Wind power supports more electricy then NG by 42% in 2012

    Official: US Wind Power Accounted For 42% Of New Power Capacity In 2012, Beat Natural Gas

    January 31, 2013 Andrew


    2012 proved to be a record-setting year for the US wind power industry. More than 13 gigawatts (GW) of wind power capacity was installed across the country last year, with a record-breaking 8,380 megawatts (MW) installed in the fourth quarter (4Q) alone, according to the American Wind Energy Association’s (AWEA) 4Q industry report.

    Leveraging private sector investment of $25 billion, utility-scale wind turbines were installed in 26 states and Puerto Rico in 2012.

    Cumulative wind power generation capacity totaled 60,007 GW as of year-end 2012, with turbines up and producing clean, renewable electrical power in 39 states and Puerto Rico. The 60 GW milestone was breached just five months after AWEA announced cumulative US wind power capacity had reached 50 GW.

    2012: A Remarkable Year for US Wind Power

    The more than 60 GW rated capacity of installed US wind power generation is enough to supply the equivalent of nearly 15 million US homes – all those in Colorado, Iowa, Maryland, Michigan, Nevada, and Ohio combined — with electricity, AWEA announced at a January 30 press conference in Washington, D.C.

    2012 marks another milestone for US wind power: more wind power capacity was installed in the US last year than that from any other source for the first time, with wind power accounting for 42% of total new generation capacity installed, the AWEA highlighted. Texas, California, Kansas, Oklahoma, and Illinois led the nation in new wind power capacity installation for 2012.

    2012′s total capacity of 13,124 MW of new wind power far exceeds that of the previous annual record, the 10,000 MW installed in 2010.

    AWEA interim CEO Rob Gramlich highlighted the multiple, cross-cutting benefits wind power is yielding across US society in a year when the key federal production tax credit (PTC) seemed doomed t


      • 1 Reply to purplespyderman
      • Hello Purple, I thought the same thing, but prices have come down and they got another year of tax breaks. Read GE new turbine for wind mills, they just invent a computer in each turbine that lets it know how much electricity is in the grid and storage telling the turbine when its near full to stop producing electricity also it tells the turbines to take maxium electricity when the grids are low. I always thought Siemens was the oldest and number one company for turbines but looks like GE just took the Turbine market.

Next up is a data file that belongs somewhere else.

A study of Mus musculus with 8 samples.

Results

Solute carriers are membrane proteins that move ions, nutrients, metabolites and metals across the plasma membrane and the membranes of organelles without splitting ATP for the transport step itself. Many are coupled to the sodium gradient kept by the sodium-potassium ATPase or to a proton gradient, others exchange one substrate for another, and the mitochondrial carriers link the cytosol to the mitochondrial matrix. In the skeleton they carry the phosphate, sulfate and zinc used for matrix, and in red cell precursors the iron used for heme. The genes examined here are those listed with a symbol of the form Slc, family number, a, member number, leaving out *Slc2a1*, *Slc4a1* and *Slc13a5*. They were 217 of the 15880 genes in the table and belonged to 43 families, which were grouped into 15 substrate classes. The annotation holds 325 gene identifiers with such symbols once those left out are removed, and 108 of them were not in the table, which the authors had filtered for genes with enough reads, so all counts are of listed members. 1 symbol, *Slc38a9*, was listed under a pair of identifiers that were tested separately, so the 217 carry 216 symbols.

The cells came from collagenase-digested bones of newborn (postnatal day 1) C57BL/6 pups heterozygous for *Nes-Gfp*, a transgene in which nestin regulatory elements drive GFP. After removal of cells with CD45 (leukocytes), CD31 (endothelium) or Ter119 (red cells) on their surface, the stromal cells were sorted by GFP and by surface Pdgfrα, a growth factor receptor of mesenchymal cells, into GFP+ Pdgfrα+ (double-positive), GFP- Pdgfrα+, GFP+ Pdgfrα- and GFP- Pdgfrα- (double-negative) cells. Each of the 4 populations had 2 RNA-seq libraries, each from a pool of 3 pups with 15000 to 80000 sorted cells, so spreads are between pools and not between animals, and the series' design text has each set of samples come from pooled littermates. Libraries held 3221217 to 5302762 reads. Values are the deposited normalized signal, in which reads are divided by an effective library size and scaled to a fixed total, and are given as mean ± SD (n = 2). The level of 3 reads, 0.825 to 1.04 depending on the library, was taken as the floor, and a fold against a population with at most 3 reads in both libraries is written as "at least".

• The rest of the story,,, that avoided the US government going over the so-called “fiscal cliff”):

      It is a real testament to American innovation and hard work that for the first time ever a renewable energy source was number one in new capacity. We are thrilled to mark this major milestone in the nation’s progress toward a cleaner energy system.

      What is just as striking as the new records is the expansion of new customers. A total of 66 utilities bought or owned wind power in 2012, up from 42 in 2011. We are also seeing growth in new customers in the industrial and commercial sectors purchasing or owning wind energy directly.

      The fact that wind power grew by another 28 percent in 2012 alone and poured $25 billion of private investment into the U.S. last year demonstrates wind’s ability to scale up, and continue to serve as a leading source of energy in America.

      The benefits extend to the environment, included that politically dreaded term climate change, as well as the economy. “Currently installed wind power will avoid 95.9 million metric tons a year of carbon dioxide emissions, equal to 1.8% of the entire country’s carbon emissions,” according to AWEA.